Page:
Los Angeles

Group Harasses, Kidnaps Sea Lion Pup Wandering LA Beach: Witness

A sea lion pup was kidnapped on a Los Angeles beach Sunday morning, a witness told police officers. Now, an investigation is underway to find the missing pup and its kidnappers.

Two pups that made their way onto Dockweiler State Beach were being harassed by a group of people at about 3:30 a.m., the witness said, according to Los Angeles Police Department officers. Reports stated that the group was throwing things at the sea lions, including cinder blocks.

They took a blanket out of a car, wrapped up one of the sea lions and took off with the animal in a black Honda Civic, police said.

When officers arrived, they found the second sea lion trying to make its way out of some bushes and back to shore. That pup was able to escape its attackers and was picked up by Marine Animal Rescue.

Keeping a sea lion is a federal crime, and can be very difficult and dangerous -- they bite harder than a pit bull and have "the dirtiest mouth of any mammal," said Peter Wallerstein of Marine Animal Rescue, who said this was his 321st rescue of the year, more than the entirety of 2014.


The Marine Mammal Protection Act makes feeding and harassing sea lions illegal. An LAPD spokesman said the National Oceanic and Atmospheric Administration, which is a federal agency that tracks sea lion strandings in Southern California, is investigating the possible kidnapping.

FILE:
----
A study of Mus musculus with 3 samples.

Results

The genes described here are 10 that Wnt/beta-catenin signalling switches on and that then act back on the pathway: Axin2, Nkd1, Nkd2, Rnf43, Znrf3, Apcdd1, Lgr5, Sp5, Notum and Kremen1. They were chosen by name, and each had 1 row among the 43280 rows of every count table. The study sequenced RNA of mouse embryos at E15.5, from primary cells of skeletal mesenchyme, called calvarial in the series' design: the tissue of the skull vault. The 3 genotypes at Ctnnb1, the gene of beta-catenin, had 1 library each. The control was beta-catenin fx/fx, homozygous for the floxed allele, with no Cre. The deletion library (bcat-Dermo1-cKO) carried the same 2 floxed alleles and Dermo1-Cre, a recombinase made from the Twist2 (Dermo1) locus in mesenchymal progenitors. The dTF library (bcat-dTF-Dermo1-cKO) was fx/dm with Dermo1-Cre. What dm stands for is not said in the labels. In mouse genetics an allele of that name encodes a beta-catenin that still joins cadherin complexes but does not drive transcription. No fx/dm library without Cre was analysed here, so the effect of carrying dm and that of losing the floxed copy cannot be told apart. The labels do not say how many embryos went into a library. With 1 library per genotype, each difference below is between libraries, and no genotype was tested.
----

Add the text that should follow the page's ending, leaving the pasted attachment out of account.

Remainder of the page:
The sea lion attackers and kidnappers could face fines up to $10,000 and possibly up to one year jail time.

Sea lion strandings and interactions with humans have been much more frequent than normal in the last few years. Last week, a sea lion walked about five blocks to a San Diego-area high school.

A rescue group in Laguna Beach said they are treating twice as many malnourished sea lions as last year. Statewide, rescue centers have taken in more than 1,600 marine mammals, which is three to four times the normal average.

"We've doubled our rescues and there seems to be no end in sight," Wallerstein told NBC4 in March.

Scientists think warmer-than-usual ocean waters are pushing away sea lions' favored foods, leaving them struggling to find something to eat.

"These sea lions need a specialized food supply," Wallerstein said.

Wallerstein said underfed sea lions get out out of and as far away from the water as possible because they don't have as much body fat as they should and get cold easily.

If you see a sea lion or seal, call lifeguards or marine mammal rescue, but don't go near it, he said.

City News Service contributed to this report.